Is now a good time to consider the shares General Electric (GE)? The view from here argues it is and the company is worth a review.
Diversified, industrial giant GE posted third quarter earnings of 31 cents per share, excluding one-time items, and the performance was in-line with the Reuters consensus estimate.
Now, Europe's leaders may be taking a roundabout way of resolving its sovereign debt crisis and Democrats and Republicans in Washington may be trying to be the modern day version of the Union Army and the Confederacy, but don't let that delude you in to thinking the global economic recovery is over. It isn't, and GE's latest quarterly performance indicates that the expansion continues, and that bodes well for owners of GE (and much else besides). General Electric's shares closed down 32 cents Friday to $16.31.
GE: Emerging Market Industrial Orders Continue to Impress
Connecticut-based General Electric posted strong, industrial growth in the third quarter. Consider: orders from China were up 65 percent; India, up 25; Latin America, up 15 percent; Russia up more than 100 percent! Translation: GDP growth in emerging markets remains better-than-adequate to very good.
Overall, General Electric's order backlog rose to a record $191 billion through Sept. 30, up from $189 billion at end of the second quarter, June 30. The company had $91 billion in cash on its balance sheet as of Sept. 30.
What's more, conditions at the housing bust-hurt GE Capital unit continue to improve. The unit, which started being regulated by the U.S. Federal Reserve in July, expects to resume its dividend payment to the parent GE company in 2012. The unit's Tier 1 common ratio -- which regulators use to gauge financial strength/health -- increased to 11 percent from 10.4 percent in the third quarter.
Look for GE's energy infrastructure, consumer/industrial, technology units to post revenue increases in 2011, boosted by both emerging market and developed-world demand and order increases. GE should record impressive gains in oil and gas products, health care imaging, and airplane engines.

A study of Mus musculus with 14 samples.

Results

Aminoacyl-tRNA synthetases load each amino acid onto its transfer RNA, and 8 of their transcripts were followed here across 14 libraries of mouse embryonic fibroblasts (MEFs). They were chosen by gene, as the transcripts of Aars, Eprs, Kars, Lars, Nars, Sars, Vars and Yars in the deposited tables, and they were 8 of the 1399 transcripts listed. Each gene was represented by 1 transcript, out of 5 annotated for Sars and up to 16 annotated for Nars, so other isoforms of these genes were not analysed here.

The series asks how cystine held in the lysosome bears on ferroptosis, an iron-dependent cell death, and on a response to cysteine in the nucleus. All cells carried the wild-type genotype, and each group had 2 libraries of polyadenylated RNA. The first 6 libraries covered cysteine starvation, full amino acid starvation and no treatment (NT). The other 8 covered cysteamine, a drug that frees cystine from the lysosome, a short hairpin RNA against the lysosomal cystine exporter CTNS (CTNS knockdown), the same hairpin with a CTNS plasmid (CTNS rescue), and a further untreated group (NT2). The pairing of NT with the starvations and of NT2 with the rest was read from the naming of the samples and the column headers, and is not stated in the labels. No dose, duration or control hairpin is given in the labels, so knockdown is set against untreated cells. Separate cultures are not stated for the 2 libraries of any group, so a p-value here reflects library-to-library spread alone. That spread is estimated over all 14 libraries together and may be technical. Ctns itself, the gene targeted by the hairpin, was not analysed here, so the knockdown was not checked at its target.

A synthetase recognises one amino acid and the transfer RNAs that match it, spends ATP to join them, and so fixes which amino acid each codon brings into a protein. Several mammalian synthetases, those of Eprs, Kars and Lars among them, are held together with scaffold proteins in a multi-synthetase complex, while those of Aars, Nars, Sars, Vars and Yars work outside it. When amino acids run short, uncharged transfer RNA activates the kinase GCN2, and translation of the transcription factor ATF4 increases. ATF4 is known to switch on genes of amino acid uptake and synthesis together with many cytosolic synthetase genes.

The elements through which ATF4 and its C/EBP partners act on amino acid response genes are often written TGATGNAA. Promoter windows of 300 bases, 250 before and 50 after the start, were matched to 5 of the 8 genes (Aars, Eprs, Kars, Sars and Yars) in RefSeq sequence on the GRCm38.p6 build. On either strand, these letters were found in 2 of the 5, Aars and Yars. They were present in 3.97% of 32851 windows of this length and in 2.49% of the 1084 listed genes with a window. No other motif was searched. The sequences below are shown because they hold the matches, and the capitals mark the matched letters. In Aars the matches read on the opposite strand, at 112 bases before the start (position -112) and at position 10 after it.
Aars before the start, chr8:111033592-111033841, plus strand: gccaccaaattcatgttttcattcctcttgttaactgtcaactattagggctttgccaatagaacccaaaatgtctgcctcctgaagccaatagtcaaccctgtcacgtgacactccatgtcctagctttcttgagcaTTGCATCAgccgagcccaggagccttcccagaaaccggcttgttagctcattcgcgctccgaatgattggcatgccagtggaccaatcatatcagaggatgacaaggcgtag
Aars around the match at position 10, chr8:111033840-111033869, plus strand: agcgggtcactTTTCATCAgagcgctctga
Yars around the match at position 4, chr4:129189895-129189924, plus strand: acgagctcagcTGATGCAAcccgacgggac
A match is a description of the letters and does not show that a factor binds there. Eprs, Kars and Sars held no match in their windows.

The Thomson Reuters First Call FY2011/FY2012 EPS estimates for GE are $1.38 to $1.59. Each EPS estimate looks about 5% low, according to my analysis
Technical Analysis: General Electric's shares formed a bear hug this spring at about $22, dropping to roughly $14.85 in August. But there, the market's institutional investors said you'll drop no further, GE and the shares continually held support at/near that level over the next two months. This autumn the shares have popped back over the $16 level, including a move back above the key, 50-day moving average. General Electric's shares should trade above $20 in the winter 2012, and above $25 by the end of 2012.
Stock Category: General Electric is ideal for anyone wants a moderate-risk, diversified industrial play. If you don't own a mutual fund, and you by GE, you have a mutual fund in one company. Further, there are stock plays, and then there are those rare stocks that you buy for child's college fund, and in 10 years, you're really glad you did. I like to call them 'stocking-stuffer stocks' for the holiday shopping season, and General Electric is one. GE pays a 60-cent annual dividend, good for a 3.7 percent yield at the current $16.31 share price.
2011 Outlook: I view as General Electric as a long-term play, but if you're looking to sell GE within the year, it's probably best to take your profits after it rises to $19.-19.75, if it fails to rise above $20.
Stock Analysis: General Electric is a moderate-risk stock. If an investor has already purchased the company's shares, I'd hold them. If not, I'd consider buying a 50% position in GE now; then buy another 25% in one month, if global economic conditions don't worsen substantially. Under any circumstance, I wouldn't buy more than 75% of my GE position before January 2012 and I'd put a sell/stop loss at: $7.50.
Disclosure: L.C. Jacobs of New York, N.Y. reviews stocks on a quarterly, semi-annual, and annual basis.
L.C. Jacobs has no positions in stocks reviewed, but does own federal, municipal, and corporate bonds.